When I started out offering guiding about 12 years ago the photography world was different and the majority of ebirder travellers were nature lovers wanting to take better photographs of the marvellous nature we have here in Scotland. Back then we were running trips to Mull to look for Otters and spending time in the forests looking for Crested Tits.

Zoom forward 10 years and the ‘guided’ photography market is saturated with various guides and hides offering most species imaginable. Things I certainly wouldn’t have dreamed of way back then; Pine Marten, Water Rail, Sparrowhawk, Black Throated Diver, in fact you name it and a hide probably exists. Over the same time the market has changed to embrace the ‘pay and display’ type of photography. Nice, neat subjects on carefully selected perches with stunning backgrounds. I have no issue with this. In fact I have enjoyed using several hides from many others – with pleasing results.

BUT, and its a big but, for me this doesn’t really feel like wildlife photography. Taking shots that are virtually guaranteed at a prearranged set up is effectively just pressing a button. I barely need to think and rarely need to understand the subject. It is all about the photograph. Which is fine, if all you want is a photograph. But, I don’t. I want the experience. I want to become part of nature and enjoy the feeling of sand, rock, heather or bog under my feet. I want to take in the vista. I have no issue with ‘pay and display’ hide photography (when the subject’s welfare is put first), but its just not for me.

So I’ve decided to focus on what I love doing – photographing raw nature – and if you want to come along for the ride that would be great.

What does this mean?

Let me start with a brief story. I was on the Outer Hebrides photographing Short Eared Owls. It’s a ‘tough’ gig, with long hours, sleep deprivation, midges and endless frustration!  But, the rewards make it worthwhile. In order to get a fantastic shot of an owl you have to be either extremely lucky, or dedicated to the cause. You need to get to know individual owls, track them and watch them. Eventually it all comes together. It is very challenging and rewarding.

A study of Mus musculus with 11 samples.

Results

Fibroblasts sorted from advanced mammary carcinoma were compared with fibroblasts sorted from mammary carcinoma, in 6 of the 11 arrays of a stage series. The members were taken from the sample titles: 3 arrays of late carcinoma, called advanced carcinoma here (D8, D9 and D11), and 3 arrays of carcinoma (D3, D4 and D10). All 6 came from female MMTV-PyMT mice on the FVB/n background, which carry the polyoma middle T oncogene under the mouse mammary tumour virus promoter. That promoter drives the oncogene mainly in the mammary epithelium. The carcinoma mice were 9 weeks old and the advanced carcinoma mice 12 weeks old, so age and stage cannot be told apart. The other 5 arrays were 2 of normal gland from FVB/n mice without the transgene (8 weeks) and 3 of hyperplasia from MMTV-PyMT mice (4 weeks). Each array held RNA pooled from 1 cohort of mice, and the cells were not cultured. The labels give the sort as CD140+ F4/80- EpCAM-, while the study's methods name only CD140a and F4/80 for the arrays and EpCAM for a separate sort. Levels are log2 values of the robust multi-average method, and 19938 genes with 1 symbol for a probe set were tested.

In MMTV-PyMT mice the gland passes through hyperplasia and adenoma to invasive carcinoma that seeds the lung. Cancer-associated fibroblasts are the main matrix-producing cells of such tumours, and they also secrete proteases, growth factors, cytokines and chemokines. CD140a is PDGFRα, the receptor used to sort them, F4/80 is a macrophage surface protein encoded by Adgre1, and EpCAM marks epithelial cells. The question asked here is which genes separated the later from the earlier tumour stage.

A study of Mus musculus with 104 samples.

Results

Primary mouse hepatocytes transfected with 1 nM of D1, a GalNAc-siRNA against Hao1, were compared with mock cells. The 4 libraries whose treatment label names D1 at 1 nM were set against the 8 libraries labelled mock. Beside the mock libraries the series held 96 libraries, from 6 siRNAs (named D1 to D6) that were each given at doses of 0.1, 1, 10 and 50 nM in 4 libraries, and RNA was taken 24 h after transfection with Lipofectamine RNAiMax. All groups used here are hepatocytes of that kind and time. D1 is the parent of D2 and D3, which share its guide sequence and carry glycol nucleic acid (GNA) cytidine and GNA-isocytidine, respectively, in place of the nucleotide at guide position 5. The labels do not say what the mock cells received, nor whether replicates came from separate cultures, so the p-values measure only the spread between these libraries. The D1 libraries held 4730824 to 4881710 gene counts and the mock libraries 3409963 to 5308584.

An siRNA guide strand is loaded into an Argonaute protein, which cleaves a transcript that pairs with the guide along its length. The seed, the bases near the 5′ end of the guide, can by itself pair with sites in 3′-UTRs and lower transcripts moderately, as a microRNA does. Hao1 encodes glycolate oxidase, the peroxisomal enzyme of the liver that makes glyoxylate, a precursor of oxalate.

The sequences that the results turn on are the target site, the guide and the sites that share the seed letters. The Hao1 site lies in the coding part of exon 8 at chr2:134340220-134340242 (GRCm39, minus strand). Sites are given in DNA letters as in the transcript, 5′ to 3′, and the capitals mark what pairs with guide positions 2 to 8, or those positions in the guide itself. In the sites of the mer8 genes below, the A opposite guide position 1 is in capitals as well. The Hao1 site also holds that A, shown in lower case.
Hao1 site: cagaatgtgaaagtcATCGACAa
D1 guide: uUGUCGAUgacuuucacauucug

In 2018, on the last evening, in golden light, a Short Eared Owl sat in the Heather whilst we took photographs for over an hour. It was perfect. Happy with our lot we headed back to base with a small detour to another owl territory en route.

It was now 9.45pm. As we approached the area we could see an owl in a high territorial/defensive flight pattern. It didn’t seem unusual. We see this behaviour every time a Buzzard or large Gull passes by a nest site. This time was different. To our disbelief they were mobbing a GOLDEN EAGLE that had caught a goose. Soon after wards the Owls were joined by a Hen Harrier as they tried to push the Eagle away. for the next 20 minutes we sat in disbelief. We filled our memory cards. We photographed the lot. More importantly we watched and witnessed something magical. All in the dying embers of the June sun. What a moment!

And that was when it sank in. This is what I want to do.

The risk is massive. The reward is immense. I want to take unique pictures of wildlife behaving totally naturally, and so I’m prepared to put the time and effort in. I like the challenge and I like the reward. I love the fact that the wildlife is doing its own thing. I’m not interfering. I’m not tying mice to posts or putting fish in a tank to get a perfect image. The animals are going to do what they want, and if it happens within range and I get a shot then perfect. If it doesn’t then so be it.